If you prefer to take on your own home improvement projects instead of hiring professionals, you’re part of a growing trend. Americans are increasingly aware of the money they can save by completing their own renovations rather than paying premium prices for the work of others. And that’s reflected in sales figures; not surprisingly, the value of the DIY market rose a full 45 percent between 2012 and 2018, from $30.2 billion to $43.7 billion.
With careful planning and budgeting, DIY projects can be fun, efficient and creatively satisfying while allowing you to customize your finished product to your own tastes.
Is there a new DIY project in your future? If so, consider these tips for forming a workable strategy that ensures you’re prepared for every step of the process.
Create a wish list. If you’re like most people, you have a list a mile long of the updates or fixes you’d like to make to your home. That ever-evolving wish list is one of the joys (and one of the challenges) of homeownership. Create your own list, then determine which projects you can do on your own and which ones will require professional help. This will give you a starting point.
Prioritize the projects. Once you have your list, you’ll need to prioritize and decide which projects come first. Take an objective look and assess “need” versus “want” to help you rank order. Improvements may be driven by plans to sell your home, host an upcoming social event or welcome a new family member. Consider all the variables. In a recent Coinstar survey, nearly 40 percent of homeowners’ DIY projects were initiated to increase the value of their home.
Set budgets. Evaluate your top projects and estimate how much each one will cost. Some may be beyond your budget, some will be surprisingly affordable, and others may be achievable after you save a little money. One funding source you may not have considered is the spare change laying around your house or car. Round it up and you may be surprised how far it goes in financing your project. About half of U.S. homeowners surveyed already use spare change for DIY projects or like the idea of doing so, reports Coinstar.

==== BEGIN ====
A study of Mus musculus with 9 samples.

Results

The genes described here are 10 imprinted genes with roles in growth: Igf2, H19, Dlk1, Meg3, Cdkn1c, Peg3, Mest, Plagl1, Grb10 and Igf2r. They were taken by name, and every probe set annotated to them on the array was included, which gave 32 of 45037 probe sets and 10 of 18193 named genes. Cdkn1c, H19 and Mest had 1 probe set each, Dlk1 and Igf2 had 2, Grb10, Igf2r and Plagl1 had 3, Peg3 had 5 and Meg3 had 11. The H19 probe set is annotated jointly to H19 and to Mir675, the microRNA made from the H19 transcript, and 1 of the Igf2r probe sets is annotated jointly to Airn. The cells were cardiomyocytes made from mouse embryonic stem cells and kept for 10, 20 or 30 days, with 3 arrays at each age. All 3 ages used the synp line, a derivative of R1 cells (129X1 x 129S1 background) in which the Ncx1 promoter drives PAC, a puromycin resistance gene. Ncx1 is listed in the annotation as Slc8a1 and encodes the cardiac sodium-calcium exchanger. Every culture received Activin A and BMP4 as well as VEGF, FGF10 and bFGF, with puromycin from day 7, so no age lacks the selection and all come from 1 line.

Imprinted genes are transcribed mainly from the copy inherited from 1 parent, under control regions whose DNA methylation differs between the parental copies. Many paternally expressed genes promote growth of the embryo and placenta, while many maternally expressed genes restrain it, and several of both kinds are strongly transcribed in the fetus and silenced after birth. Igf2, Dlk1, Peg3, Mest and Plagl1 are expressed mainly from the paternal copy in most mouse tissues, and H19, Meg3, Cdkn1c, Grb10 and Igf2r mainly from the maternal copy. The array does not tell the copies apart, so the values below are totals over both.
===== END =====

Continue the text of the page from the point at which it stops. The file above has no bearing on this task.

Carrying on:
Plan time and resources. Before scheduling your DIY project, think about your free time and if your project has a deadline. To what extent are your nights and weekends open? Do you have the skills to get started on your own? Watching a YouTube video may give you that needed knowledge, or you may need the help of family or friends who can complement your skills or assist you in meeting a deadline.
Get supplies, then jump in. Now that you’ve zeroed in on your project, identified financing and recruited helpers, you’re nearly ready to go. Next, create a supply list of the tools and materials you’ll need. To save money, check with those you know who may be willing to loan you tools or other supplies. Community groups like Nextdoor are also a great resource. When buying new, save receipts in case you purchase the wrong item, don’t like something when you get it home or buy too much.
With a little planning, DIY projects can be cost-effective, fun and truly rewarding to complete. When it comes to financing, don’t forget to cash in spare change at your neighborhood Coinstar kiosk. It’s easy to use and you’ll have the option of getting cash or putting funds onto a no-fee e-gift card for retailers like Amazon.com or Home Depot.